As you have probably heard, on Saturday, May 31st, if we have not resolved the escalating Unfair Labor Practices committed by UC management and administration, we will announce a ULP strike beginning on June 7, the Saturday before finals, and continuing through the end of the term. Such a strike would involve withholding all work duties, including, but not limited to grading, entering grades, proctoring exams, and holding office hours. Withholding this labor is within your right. Please scroll to the bottom of this announcement for more details on the ULP charges against the UC.
Please stay updated through our emails, facebook page, this blog, and communications from our union representatives for more information.
We’re encouraging all members to attend our Monthly Membership Meeting on Friday, May 30, at 4pm in Donald Bren Hall, room 4011. This will be a great place to gather more information on our strike and learn how to get involved. Additional items include planning for our Rally for the Contract (Tuesday, June 3rd at the flagpoles at noon), meeting our newly-elected officers, and updates on contract bargaining.
In addition, a coalition of students and workers will be holding a union info session and delegation on Thursday, June 5, starting at 11 am, in the front of Aldrich Hall.
Unfair Labor Practices Committed by UC Management against UC Student-Workers
The following are Unfair Practice Charges that have been filed by UAW 2865 through the Public Employee Relations Board. These charges stem from illegal actions committed by UC Management and Administration in regards to our April 2-3 ULP Strike. The UC has shown a pattern of unfair labor practices against its workers, and it is more than apparent that these practices have been escalating. These charges, while egregious alone, together reveal a systemic effort to intimidate UC workers from engaging in legally protected union activity and voicing opinions about their own workplace and working conditions.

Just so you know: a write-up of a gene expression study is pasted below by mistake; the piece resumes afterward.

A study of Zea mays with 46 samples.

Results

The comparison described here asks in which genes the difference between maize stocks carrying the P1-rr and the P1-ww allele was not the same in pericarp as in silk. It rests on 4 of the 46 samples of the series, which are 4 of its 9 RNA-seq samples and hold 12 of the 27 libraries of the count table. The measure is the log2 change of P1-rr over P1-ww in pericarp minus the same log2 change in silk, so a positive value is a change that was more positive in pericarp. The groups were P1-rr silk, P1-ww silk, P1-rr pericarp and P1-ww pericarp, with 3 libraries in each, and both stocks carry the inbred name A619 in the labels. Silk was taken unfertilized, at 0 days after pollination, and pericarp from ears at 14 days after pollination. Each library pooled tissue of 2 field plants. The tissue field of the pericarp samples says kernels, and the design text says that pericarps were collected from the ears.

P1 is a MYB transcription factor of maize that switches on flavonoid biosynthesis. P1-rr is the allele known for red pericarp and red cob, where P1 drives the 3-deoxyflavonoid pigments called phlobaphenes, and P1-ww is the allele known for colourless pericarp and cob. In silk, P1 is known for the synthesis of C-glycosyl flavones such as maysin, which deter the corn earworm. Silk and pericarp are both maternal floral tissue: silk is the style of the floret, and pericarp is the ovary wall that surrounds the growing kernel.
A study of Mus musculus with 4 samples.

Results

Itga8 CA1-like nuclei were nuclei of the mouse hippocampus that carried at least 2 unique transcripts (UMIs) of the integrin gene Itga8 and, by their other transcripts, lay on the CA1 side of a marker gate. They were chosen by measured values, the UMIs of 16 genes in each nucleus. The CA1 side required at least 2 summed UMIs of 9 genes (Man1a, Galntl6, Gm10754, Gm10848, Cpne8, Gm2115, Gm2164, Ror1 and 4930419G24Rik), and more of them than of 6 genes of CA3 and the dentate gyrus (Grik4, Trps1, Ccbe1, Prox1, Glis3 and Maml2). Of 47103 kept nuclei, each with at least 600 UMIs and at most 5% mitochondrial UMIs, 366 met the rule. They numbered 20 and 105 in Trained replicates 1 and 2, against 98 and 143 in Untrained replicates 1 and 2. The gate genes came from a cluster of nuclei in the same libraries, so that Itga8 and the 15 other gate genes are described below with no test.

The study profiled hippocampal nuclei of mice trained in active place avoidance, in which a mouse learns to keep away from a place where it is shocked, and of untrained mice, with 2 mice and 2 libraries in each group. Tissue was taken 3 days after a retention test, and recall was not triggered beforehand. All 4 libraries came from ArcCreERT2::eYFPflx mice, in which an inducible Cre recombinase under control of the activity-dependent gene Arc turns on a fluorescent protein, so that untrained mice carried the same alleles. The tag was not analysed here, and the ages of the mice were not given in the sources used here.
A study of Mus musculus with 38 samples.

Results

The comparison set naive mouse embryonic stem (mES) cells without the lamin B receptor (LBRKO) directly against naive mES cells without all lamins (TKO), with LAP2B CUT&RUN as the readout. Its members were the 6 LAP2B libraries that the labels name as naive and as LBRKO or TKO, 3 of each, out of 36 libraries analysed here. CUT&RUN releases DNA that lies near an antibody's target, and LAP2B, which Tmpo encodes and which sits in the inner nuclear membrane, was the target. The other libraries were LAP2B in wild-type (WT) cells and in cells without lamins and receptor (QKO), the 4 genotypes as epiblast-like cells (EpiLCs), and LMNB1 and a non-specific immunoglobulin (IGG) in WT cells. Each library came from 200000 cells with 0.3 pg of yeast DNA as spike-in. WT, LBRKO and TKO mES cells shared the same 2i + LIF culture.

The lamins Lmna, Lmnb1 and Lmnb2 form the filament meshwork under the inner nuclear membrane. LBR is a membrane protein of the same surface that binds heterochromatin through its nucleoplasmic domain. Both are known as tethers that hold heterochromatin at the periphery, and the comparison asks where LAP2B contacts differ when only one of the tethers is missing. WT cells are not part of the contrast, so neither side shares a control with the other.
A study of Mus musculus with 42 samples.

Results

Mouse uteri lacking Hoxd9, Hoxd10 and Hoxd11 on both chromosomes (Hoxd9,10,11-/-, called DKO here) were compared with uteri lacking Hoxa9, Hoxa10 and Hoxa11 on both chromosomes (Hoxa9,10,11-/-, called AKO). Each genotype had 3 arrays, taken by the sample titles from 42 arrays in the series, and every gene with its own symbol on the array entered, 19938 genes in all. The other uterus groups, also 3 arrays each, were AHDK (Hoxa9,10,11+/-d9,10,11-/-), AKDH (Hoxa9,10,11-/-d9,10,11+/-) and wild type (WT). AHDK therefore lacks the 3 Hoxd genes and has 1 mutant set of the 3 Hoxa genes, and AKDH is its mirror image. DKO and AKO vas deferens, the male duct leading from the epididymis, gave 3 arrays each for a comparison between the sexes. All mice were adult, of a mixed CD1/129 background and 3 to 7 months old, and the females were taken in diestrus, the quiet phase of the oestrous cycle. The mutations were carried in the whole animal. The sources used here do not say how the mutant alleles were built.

Arresting members for picketing and filing student conduct charges against members.
On April 2nd and 3rd, during our statewide strike, UC Police engaged in surveillance of peaceful union members and supporters on the picket lines. UC PD arrested a number of union organizers and activists. In addition, these organizers have also been threatened with Student Code of Conduct Violations, to further intimidate them and prevent them from engaging in legally protected union activity.
Tearing down union posters and information.
On the days leading up to the April 3rd strike at UC Irvine, members who were Irvine unit officers at the time were threatened by administration for distributing union fliers and info sheets to members in their offices. An administrator not only tore down the posters, which contained significant information about workers’ rights at the UC, but acted in a hostile manner towards the organizers, who were peacefully acting within their rights as union members, students, and employees, by yelling and threatening to call UC Police.
Threatening members with reprisal for striking, with comments like, “If you strike, you will not work in this program again.”
During a staff meeting for the writing program at UCSC, the director informed student workers, many of whom were union workers, that if they withheld labor for the upcoming April 2nd and 3rd strike, that they would be barred from further employment in the program. In a follow-up email, the director again implied that workers in the program should not strike. At no point did the director or other administrators attempt to inform workers in the program that in fact, their participation in the strike was completely lawful and should be free of intimidation or discrimination.
Misinforming working and illegal polling in regards to our last strike.
Administrators at UCSC and UCSC sent out emails misinforming workers, claiming that our planned ULP strike was illegal, thus discouraging them to exercise their legal right to withhold labor. Additionally, similar to legally questionable action taken during our Sympathy Strike with AFSCME in November, department administrators at various campuses engaged in illegal polling of graduate student workers.
Disproportionately docking pay for UCSD workers for withholding labor.
At UCSD, undergraduates from certain programs were asked to report to the Muir College Writing Program whether or n.ot their sections had been cancelled due to the strike. The students were not informed that these reports would be used to compile a list of striking TAs. University Management used these reports to deduct approximately $100 from these TA’s paychecks. While an employer is not legally bound to “finance a strike,” such a deduction was excessive considering that many TAs, and the TAs in this case, routinely work more than the twenty hours a week required of them through their appointment.